Back to school supplies
Back To School Sale, pictured July 28, 2003 at a Wal-Mart store in Illinois, parents on average spend $501 on school supplies nationwide. Getty Images

Deloitte, a worldwide professional services firm, conducted a survey on the expectations of 2017's back to school shopping season alongside previous spending habits. Average school supply spending per house hold increased to $501 nationally, which is a small leap from $488 in 2016.

The survey shows surprising turns, which could impact how parents will shop heading into the 2017-2018 academic year. Deloitte has produced this survey for ten years, with each edition shedding light on a new perspective. This year's survey highlights a shift in school supplies lists, showing a decrease in the need for both traditional and technology-based supplies, with spending being allocated to other necessities.

Read: Back To School 2017: 9 Shopping Sales And Deals You Need To Know

Rob Sides, vice chairman of Deloitte LLP, explained that the transition comes from a decreased need for supplies because schools have increasingly become more tech-driven, which allowed parents to designate further spending towards clothing instead.

"With today’s technology-based education system there is less need for traditional school supplies, likely contributing to the shift toward more spending on clothing and accessories before children head back to school," Sides said, according to Deloitte's website. "Part of this shift may also come from the popularity of pre-configured school supply kits, which 30 percent of families plan to use."

Average spending is expected to increase by 10 percent, raking in $284 per household. Traditional school supplies fall by 4 percent ($104), computers decrease by 4 percent ($307) and electronics are expected to take the smallest hit at 2 percent ($254).

With increased spending making waves amongst online retailers, in-store shopping remains the reigning champ, reeling in more than twice the revenue of online platforms at an average of $288 in-store vs. $103 online. However, consumers are shifting where they allocate their money to, seeing an increase in spending with mass merchants and office venues instead of department stores and specialty shops.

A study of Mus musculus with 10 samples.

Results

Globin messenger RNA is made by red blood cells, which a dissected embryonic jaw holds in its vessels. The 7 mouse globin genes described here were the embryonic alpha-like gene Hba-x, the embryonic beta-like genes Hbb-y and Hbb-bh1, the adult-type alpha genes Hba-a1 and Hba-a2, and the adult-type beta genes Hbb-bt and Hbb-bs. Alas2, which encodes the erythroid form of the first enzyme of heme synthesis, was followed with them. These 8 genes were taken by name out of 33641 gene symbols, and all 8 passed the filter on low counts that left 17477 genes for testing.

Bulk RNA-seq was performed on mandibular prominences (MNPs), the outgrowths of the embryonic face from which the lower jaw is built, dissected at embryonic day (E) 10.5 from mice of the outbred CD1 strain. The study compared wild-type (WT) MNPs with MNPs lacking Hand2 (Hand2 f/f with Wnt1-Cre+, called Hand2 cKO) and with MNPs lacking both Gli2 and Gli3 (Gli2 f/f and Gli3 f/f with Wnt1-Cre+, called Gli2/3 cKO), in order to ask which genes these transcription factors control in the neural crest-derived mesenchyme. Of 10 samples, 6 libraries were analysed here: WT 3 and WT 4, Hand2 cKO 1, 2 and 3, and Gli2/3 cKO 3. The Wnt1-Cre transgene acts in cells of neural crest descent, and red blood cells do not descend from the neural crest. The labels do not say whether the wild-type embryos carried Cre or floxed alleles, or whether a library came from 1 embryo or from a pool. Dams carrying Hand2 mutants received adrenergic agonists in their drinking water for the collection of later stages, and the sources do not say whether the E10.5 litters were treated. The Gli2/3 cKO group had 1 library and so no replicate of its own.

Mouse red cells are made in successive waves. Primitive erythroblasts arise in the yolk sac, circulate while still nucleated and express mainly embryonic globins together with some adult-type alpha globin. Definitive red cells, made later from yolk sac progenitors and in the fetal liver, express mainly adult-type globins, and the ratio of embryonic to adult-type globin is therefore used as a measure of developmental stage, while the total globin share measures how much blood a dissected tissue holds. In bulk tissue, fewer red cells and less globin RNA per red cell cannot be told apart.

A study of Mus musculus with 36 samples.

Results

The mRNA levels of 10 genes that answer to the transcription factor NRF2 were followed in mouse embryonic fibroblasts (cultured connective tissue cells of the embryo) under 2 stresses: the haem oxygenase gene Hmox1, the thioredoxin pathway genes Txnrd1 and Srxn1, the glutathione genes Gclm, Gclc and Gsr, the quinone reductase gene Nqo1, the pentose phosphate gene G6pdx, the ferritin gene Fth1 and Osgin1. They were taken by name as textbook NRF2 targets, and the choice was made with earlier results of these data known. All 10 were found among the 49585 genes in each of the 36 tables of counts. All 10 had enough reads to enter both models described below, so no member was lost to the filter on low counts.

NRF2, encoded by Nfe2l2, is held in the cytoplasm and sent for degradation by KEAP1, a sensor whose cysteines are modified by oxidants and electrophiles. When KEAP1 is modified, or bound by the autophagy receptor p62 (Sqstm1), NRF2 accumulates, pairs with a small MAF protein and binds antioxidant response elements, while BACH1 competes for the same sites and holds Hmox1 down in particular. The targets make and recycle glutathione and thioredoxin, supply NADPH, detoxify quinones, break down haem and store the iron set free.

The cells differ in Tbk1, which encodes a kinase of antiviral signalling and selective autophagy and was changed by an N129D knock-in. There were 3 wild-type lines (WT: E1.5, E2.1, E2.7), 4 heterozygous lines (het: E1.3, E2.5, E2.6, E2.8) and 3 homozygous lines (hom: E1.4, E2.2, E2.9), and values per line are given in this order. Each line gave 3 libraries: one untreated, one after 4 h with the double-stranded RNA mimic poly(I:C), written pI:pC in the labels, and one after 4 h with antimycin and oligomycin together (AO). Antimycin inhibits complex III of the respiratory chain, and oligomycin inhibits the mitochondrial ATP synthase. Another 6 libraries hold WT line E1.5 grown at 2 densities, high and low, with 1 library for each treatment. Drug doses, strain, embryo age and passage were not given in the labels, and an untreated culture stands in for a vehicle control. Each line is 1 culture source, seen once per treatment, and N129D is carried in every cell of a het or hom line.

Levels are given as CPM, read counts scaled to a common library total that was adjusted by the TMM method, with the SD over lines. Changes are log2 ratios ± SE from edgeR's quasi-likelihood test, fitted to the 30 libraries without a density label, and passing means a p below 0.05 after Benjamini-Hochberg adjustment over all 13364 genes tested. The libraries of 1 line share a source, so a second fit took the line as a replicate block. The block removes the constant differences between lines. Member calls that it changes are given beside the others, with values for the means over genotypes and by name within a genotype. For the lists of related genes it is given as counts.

The internet is commonly used to plan 61 percent of shopper's in-store purchases, but one-fifth are "undecided," which means they could potentially shop for supplies online or in-store. Sides claims this is a crucial market to recruit because it's a $5.4 billion market.

"Retailers should aggressively pursue the 'undecided' consumer because they collectively represent nearly $5.4 billion this back-to-school shopping season," Sides said. "This segment is up for grabs but likely to go to retailers that draw customers in early with promotions and digital experiences that make store visits even more attractive."

Since 68 percent of survey participants claimed they plan to purchase supplies from retailers providing free shipping, online retailers could tap into the undecided market this way by combining great deals, too. Fifty-two percent of online shoppers also prefer to purchase supplies from stores that offer in-store return options.